A tailings water spill at Gibraltar Mine on May 22 did not require follow-up, says the Ministry of Environment.
On May 23, Taseko reported a spill to the Ministry of Environment and the nearby First Nations community of Alexandria.
Companies cannot be 100 per cent sure of the water quality leaving, so all spills have to be reported, MOE environmental emergency response officer Dale Bull says.
In an e-mail sent to Chief Bernie Elkins of Alexandria, Taseko’s senior environmental engineer Todd Wambolt reported that at about 8 a.m. on May 23, water was discovered in an area of the reclaim water pipeline, which runs from the storage tank into the mill.
The flow rate was estimated at 100 litres per minute and by 9:15 a.m. the flow was diverted through a portable pump into our surface collection system.
As a result the mill was shut down and the pipeline repaired.
Bull says 6,000 litres seems like a large number for people who don’t work with it all the time; however, he points out the Fraser River near Williams Lake or Prince George will pump that much water in a fraction of a second.
“The released water isn’t toxic and won’t have any chemicals in it. The only thing it might have is suspended solids, little bits of rock, that are floating in it. When they discovered it they put a pump into the natural stream and pumped it back into their containment system until they could make repairs and pump it out the way it supposed to go.”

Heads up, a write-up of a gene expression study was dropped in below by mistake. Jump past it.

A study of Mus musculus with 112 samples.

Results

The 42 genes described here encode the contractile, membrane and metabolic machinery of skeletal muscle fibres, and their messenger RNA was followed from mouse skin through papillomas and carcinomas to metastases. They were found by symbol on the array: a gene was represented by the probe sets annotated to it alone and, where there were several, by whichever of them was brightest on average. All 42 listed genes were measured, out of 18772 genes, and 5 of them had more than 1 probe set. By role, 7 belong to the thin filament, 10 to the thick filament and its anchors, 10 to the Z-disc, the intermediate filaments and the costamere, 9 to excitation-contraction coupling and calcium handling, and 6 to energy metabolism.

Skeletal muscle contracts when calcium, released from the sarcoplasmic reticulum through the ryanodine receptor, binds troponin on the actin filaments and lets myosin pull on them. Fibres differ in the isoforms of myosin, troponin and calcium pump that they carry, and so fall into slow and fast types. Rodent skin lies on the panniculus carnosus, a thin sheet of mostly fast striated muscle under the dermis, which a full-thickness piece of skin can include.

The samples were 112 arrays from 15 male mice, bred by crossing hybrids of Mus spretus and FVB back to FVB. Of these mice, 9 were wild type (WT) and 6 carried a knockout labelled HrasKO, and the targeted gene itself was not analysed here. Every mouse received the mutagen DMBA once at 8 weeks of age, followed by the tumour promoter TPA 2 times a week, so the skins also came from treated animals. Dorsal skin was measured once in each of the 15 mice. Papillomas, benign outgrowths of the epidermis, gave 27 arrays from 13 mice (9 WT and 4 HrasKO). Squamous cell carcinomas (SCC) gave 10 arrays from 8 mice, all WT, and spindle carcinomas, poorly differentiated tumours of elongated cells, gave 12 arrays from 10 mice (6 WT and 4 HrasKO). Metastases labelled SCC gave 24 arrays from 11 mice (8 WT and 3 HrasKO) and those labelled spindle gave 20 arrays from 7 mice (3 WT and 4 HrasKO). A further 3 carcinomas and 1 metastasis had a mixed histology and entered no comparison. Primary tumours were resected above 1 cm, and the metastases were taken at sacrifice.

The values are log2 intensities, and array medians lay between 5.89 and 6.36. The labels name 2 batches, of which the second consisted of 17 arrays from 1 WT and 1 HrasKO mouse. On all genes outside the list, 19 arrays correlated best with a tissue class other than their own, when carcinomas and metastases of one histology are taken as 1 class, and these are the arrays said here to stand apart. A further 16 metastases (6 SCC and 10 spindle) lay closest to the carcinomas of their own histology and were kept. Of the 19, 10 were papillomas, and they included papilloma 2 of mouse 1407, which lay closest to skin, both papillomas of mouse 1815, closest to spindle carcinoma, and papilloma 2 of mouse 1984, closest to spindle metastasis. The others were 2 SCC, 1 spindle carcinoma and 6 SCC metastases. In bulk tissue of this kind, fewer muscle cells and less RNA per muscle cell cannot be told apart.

Taseko’s vice president of corporate affairs Brian Battison says the hole in the pipe was described to him as the size of the tip of the thumb.
“It was water from the tailings facility, water that is discharged to the Fraser River in any event, so it’s clean water,” Battison says. “It was a pipe that takes water from the tailings facility to the mill and it had developed a leak. We’re required to report such matters and report any kind of a spill.”
Tsilhqot’in National Government chair and Tl’etinqox (Anaham) chief Joe Alphonse is concerned about the mine water flowing into the Fraser River.
“I think it’s something worth reporting on. Those are fish-bearing streams and there are huge concerns,” Alphonse says.